Mahabir Pun

Mahabir Pun

Mahabir Pun: Brains who unleashed Wi-Fi link in rural Nepal

Introduced wireless internet technology in remote areas of Nepal

Quick facts

Born on 22 Jan 1955 in Myagdi 

Graduated and post-grad from the University of Nebraska, US

Established National Innovation Center in 2012

My early years were spent herding cattle while attending a small school that lacked supplies like paper, pencils, textbooks, and skilled instructors. Historically, the locals were uneducated, and a majority of men enlisted in the British Army.

My father, too, was a retired Gurkha soldier. But he took an extraordinary decision to move his family to the southern plains of Nepal so that I could receive proper education. This had a profound impact on my life. I paid this favor forward by supporting my siblings’ education by working as a teacher. I started teaching after graduating high school. The teaching journey lasted for about 12 years in four schools, which included four schools.

In 1989, I secured a partial scholarship at the University of Nebraska at Kearney, where I earned my bachelor’s degree in science education. I returned to my childhood village after graduating college. Twenty-four years had passed, and I was returning as a young man.

The idea to build a model high school came to me in Nangi village, Myagdi. So, I established Himanchal High School with a particular emphasis on computer education and other initiatives with income-generating capacity. In 2001, I went back to the University of Nebraska to get my master’s in educational administration. There, I took courses to gain the knowledge necessary to assemble, refurbish, and utilize computers, because I saw how much of an impact information technology could have on my village’s economy and educational system.

Upon my return to Nepal, I was able to organize the donation of second hand computers from countries, including Japan, Malaysia, Australia, Singapore, and the US. I used two little hydroelectric generators to power the computers.

I started instructing pupils and other teachers in computer lessons, but it was impossible to set up a phone connection to the nearest city, Pokhara, and the internet. So, I emailed the BBC for suggestions. After the BBC made my predicament public, Americans and Europeans offered their assistance.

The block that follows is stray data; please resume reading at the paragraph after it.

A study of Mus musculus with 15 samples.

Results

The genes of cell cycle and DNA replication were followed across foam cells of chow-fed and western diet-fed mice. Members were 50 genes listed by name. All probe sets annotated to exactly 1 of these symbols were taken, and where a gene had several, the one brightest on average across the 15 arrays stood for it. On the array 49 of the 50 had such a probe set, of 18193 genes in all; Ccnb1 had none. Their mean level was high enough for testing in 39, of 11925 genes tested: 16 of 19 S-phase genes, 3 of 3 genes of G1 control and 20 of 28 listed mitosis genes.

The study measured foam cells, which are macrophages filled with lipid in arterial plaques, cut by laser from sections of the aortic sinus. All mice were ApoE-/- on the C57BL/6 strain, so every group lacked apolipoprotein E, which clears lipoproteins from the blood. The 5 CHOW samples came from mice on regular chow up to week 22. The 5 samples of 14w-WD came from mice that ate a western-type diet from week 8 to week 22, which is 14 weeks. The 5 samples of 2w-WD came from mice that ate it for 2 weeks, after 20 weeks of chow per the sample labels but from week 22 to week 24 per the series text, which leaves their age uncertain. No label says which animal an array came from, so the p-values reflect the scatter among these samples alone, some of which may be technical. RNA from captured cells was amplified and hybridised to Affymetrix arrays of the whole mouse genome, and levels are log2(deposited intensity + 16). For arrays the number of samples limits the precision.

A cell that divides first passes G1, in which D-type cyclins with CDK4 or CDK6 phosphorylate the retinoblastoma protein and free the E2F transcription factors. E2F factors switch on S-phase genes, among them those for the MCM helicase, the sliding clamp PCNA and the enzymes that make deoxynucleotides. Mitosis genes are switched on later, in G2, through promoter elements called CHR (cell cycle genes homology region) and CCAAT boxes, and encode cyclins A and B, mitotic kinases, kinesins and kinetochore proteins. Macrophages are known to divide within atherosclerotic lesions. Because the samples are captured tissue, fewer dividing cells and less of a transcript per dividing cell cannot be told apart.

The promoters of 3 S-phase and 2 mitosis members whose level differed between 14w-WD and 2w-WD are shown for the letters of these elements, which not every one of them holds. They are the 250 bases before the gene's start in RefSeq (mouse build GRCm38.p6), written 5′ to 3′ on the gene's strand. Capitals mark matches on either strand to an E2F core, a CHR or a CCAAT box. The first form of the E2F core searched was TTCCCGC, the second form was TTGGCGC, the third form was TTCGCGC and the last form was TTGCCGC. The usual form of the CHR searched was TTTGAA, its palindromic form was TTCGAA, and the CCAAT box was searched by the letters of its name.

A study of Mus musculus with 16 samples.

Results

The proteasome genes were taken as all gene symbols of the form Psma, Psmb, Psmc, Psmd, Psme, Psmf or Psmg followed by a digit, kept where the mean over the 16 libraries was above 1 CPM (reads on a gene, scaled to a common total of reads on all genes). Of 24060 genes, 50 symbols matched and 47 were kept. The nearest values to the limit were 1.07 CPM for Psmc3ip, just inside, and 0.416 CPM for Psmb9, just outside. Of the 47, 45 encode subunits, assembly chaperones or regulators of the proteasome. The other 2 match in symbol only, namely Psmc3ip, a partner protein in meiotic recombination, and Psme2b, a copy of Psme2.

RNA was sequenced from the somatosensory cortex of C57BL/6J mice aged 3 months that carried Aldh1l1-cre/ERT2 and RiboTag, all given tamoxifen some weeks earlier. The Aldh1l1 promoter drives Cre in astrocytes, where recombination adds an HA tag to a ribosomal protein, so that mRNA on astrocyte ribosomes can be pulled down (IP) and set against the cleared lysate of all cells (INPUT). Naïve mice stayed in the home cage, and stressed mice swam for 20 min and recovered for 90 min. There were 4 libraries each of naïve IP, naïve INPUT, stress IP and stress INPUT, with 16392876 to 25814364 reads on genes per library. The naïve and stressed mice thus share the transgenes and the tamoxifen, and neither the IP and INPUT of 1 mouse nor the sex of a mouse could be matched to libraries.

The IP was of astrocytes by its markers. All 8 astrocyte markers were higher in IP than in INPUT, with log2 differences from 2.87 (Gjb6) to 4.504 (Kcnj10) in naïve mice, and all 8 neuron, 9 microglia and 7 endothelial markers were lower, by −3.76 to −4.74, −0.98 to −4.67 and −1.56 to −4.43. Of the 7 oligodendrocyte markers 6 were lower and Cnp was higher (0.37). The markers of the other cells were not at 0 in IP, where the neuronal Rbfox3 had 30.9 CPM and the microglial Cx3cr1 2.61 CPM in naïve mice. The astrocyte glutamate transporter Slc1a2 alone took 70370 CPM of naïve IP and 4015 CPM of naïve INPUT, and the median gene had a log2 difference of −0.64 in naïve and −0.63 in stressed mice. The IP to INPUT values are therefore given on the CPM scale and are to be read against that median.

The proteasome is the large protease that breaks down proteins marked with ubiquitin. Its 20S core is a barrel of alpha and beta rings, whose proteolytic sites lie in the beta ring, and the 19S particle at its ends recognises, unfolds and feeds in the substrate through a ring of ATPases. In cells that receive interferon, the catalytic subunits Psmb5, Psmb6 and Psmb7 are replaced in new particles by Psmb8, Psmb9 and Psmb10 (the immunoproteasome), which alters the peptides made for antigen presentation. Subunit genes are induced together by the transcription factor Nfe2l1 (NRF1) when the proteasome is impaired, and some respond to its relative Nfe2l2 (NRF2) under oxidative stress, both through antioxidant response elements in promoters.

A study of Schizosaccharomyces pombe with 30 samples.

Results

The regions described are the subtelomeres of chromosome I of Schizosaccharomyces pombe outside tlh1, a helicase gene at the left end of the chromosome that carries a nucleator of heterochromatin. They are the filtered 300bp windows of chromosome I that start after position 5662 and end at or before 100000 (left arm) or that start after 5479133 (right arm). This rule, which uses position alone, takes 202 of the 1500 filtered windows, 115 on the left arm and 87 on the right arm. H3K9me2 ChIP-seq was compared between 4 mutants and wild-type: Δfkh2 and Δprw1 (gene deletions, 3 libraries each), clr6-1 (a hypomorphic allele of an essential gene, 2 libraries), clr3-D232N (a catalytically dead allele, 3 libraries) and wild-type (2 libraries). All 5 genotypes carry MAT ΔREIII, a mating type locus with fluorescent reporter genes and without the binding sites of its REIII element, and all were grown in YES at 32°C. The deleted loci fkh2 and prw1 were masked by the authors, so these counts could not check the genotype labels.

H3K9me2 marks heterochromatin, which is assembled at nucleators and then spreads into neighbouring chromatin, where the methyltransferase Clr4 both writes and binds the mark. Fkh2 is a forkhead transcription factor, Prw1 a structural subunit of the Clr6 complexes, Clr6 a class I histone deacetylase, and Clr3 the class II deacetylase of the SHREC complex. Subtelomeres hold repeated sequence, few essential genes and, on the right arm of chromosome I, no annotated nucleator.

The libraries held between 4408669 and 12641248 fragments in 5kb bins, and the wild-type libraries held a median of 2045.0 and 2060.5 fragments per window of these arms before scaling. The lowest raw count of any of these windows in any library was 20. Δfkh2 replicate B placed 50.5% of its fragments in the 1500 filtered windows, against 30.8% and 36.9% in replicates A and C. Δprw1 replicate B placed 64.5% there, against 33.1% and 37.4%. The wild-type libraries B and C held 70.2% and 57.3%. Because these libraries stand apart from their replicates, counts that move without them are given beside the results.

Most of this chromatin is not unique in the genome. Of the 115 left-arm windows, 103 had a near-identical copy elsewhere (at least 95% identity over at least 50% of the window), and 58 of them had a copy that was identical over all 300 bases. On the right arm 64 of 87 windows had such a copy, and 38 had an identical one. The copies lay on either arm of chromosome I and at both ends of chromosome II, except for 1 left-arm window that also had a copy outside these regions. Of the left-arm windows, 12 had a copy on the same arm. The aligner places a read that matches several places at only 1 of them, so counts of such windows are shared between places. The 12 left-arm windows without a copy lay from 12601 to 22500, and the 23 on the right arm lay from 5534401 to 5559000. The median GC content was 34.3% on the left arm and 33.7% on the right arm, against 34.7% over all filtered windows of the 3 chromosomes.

A wireless connection between Nangi and the nearby village of Ramche was set up in 2001 with the aid of donors and volunteers using small, homemade TV dish antennas installed on trees. A link to Pokhara and makeshift mountaintop relay stations were built with grants. Nangi finally got a wireless internet connection in 2003.

I got more secondhand computers donated from outside the country, gave them to schools in neighboring areas, and started working on a wireless distance-learning scheme.

By 2006, I had established a Wi-Fi network that linked 13 mountain settlements to the internet. Today, the network spans 15 regions and more than 175 isolated communities.

All these works had many technical challenges. The technology back then was not as advanced as it is today. Nobody believed in us and we didn’t have enough funds, but we still gave it a go, as we had no option. 

After experimenting for around 1.5 years, we had our success. People still ask me why I stopped doing what I was doing. To that, my answer is it was what we needed then, not now.  

My work on online education and remote learning represents the first attempt in Nepal at using technology to address the shortage of competent teachers. 

I founded the National Innovation Center in 2012 with the primary goal of fostering research and advancements for the nation’s economic development. That is what Nepal needs now.  

About him

Rajnesh Shrestha (Student)

Mahabir Pun has introduced a Research and Development culture in Nepal and helped nurture and promote innovation-based ecosystems for socioeconomic development. He doesn’t seek academic qualifications among aspiring and innovative youths. Rather, any motivated youth with a vision and a proper plan will be aided with the necessary funds and technology. National Innovation Center is a perfect platform for an engineering student. Students can go there and work on their ideas. Nepali students have brilliant project ideas but they lack a way of converting their ideas into a working model.  

Sarishma Kafle (Student)

Not only engineering students, but people from non-technical backgrounds also have space at the National Innovation Center. Through this center, Mahabir Pun has provided a great platform for students like us. During the time of covid, NIC contributed to the health sector by running projects like production of PPE, sample collection booths, and ventilators. Wireless networking projects connecting Himalayan villages with the internet, among other projects of the center, have inspired many young students like us. 

Ayush Karn (Student)

Mahabir Pun has shown a ray of hope to every enthusiast trying to solve a local problem with locally available resources. At the National Innovation Center, creativity and innovation live and grow together and there is no pressure of failure, which provides freedom to try new ideas. Also, he is a great mentor. Pun offers simple solutions to difficult problems, much to the relief of those dealing with them. He has actually created a platform, which had been lacking for years. He is easily accessible, well-spoken, and a man of great motivation for engineering students like me.